I'm trying to stress test a particular PHP script that forces a a very large file to download, but specifically when clients with slow connections are making the request. I also want to concurrently test how the rest of the site performs under such a load. I have FiOS so doing a few dozen concurrent connections doesn't really put the server under load for very long (we don't care about volume as we don't anticipate a lot of concurrent connections for this file, just a few dozen really slow ones) and I want to test it as if I'm on a slow connection of say 100kb/sec. Is there a way to limit how fast ApacheBenchmark connects to a site? Or is there another way to temporarily throttle my connection to this site? I'm running Mac OS X locally, and the server is a Windows box running Apache.
One possibility would be to use the IPFW feature set of OS X. IPFW is the software firewall of OS X that happens to also support traffic shaping. Here's how to configure it (assuming a 220.127.116.11 as the web server IP address):
Now all traffic between your OS X computer and the web server will be limited to 15KB/s (change this value as needed).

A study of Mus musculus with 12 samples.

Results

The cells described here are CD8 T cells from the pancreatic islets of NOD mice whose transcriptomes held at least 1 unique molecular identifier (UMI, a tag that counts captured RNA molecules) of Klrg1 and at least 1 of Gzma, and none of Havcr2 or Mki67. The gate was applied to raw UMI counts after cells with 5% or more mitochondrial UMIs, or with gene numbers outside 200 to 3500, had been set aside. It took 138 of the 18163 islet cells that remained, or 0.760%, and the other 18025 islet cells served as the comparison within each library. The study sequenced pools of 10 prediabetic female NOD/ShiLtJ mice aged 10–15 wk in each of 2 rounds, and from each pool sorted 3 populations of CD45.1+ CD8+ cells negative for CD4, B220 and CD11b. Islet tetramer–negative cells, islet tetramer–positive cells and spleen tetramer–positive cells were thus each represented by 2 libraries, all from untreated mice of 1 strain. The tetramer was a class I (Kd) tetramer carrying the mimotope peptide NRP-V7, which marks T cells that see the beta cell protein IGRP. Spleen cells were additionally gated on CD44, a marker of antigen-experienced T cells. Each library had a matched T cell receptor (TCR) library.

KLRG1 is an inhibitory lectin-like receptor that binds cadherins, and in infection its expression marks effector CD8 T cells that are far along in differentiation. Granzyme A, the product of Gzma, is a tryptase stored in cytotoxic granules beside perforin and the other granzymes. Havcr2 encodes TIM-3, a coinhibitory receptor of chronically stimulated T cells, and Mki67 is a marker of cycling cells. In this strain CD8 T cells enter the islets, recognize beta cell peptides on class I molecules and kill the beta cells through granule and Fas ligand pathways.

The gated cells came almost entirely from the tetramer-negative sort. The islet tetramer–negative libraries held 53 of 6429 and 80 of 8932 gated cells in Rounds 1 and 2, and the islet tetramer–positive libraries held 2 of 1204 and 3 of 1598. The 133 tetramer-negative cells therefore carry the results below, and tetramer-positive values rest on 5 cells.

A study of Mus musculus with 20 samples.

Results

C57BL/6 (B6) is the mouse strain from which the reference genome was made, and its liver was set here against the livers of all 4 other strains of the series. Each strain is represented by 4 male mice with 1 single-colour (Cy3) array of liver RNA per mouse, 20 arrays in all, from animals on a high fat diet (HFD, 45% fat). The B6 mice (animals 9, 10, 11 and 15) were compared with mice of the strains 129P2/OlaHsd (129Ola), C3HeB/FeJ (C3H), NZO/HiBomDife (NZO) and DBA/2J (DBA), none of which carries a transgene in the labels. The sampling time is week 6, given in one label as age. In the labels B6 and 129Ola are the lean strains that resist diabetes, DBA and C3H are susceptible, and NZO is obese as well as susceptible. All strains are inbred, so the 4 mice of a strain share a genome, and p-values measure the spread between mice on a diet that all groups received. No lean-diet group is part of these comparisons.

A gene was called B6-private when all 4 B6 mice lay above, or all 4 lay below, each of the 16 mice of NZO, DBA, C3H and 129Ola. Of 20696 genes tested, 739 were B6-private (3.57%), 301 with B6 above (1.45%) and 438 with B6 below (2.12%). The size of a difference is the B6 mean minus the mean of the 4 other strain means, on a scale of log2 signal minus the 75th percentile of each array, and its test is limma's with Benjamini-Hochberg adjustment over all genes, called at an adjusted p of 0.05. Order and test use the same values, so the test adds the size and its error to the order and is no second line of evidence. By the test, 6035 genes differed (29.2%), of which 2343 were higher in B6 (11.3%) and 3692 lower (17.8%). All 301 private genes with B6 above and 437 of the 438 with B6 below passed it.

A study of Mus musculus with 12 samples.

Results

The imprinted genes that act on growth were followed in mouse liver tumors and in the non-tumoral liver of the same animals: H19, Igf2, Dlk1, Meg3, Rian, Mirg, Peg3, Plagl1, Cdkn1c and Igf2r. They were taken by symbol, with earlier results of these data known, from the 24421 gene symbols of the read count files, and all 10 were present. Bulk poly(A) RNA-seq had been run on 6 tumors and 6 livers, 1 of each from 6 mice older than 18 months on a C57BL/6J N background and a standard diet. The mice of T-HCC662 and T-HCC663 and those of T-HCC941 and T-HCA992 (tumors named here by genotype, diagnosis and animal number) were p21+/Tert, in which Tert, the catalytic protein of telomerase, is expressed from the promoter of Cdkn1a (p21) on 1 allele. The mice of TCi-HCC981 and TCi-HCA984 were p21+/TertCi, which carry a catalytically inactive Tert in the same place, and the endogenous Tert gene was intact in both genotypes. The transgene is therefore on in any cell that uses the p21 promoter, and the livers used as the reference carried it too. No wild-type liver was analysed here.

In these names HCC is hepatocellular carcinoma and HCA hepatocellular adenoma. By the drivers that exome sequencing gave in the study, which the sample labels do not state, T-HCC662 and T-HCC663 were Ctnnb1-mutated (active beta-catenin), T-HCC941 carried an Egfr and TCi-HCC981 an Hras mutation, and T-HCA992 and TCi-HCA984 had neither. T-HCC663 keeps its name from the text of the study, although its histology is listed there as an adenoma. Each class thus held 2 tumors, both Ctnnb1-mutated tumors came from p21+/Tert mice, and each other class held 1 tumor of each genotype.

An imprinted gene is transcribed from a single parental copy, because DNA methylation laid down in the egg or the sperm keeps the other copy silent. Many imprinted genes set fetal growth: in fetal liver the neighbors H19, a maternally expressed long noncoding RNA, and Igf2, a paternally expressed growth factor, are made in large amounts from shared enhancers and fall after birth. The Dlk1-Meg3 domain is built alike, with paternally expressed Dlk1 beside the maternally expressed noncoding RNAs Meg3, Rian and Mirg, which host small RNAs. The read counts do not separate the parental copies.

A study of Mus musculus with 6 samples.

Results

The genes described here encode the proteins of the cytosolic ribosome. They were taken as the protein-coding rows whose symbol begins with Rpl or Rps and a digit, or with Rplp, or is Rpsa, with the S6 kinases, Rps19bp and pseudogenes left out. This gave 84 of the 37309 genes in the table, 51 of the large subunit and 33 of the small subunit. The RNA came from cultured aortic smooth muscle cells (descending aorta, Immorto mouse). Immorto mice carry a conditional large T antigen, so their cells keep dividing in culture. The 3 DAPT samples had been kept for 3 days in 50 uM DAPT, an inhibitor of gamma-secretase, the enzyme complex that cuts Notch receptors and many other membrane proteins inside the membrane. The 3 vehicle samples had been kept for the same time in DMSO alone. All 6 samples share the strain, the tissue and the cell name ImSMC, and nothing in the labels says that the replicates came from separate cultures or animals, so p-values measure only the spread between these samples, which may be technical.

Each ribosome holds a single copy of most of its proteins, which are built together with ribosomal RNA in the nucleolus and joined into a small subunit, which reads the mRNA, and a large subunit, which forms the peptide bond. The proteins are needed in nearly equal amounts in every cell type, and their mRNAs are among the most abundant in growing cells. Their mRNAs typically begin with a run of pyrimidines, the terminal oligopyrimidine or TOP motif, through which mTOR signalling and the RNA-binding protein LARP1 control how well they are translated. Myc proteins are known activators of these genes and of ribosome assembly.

To remove the configuration to revert to unlimited bandwidth:
Hope this helps.
I'm glad you're doing that; many people don't understand that their apps will behave fundamentally differently once they get out of the lab to the 'real Internet.'
The general category of what you're looking for is a WAN emulator. They sell hardware devices (and software) that do this from about $2k on up if you want to do it a lot and not just vary bandwidth, but latency, jitter, and other factors. Shunra and Linktropy are two good suppliers.
But there's a lot of software only solutions as well. Most of them run on Linux, but I imagine some might be coaxed to work on OSX. Wanem is a good free one. ns-2 is a free simulator, which is different and probably more complicated than what you want, you build out a fake network and it simulates that.
Or dummynet, but I'll add that to Urgoll's good answer.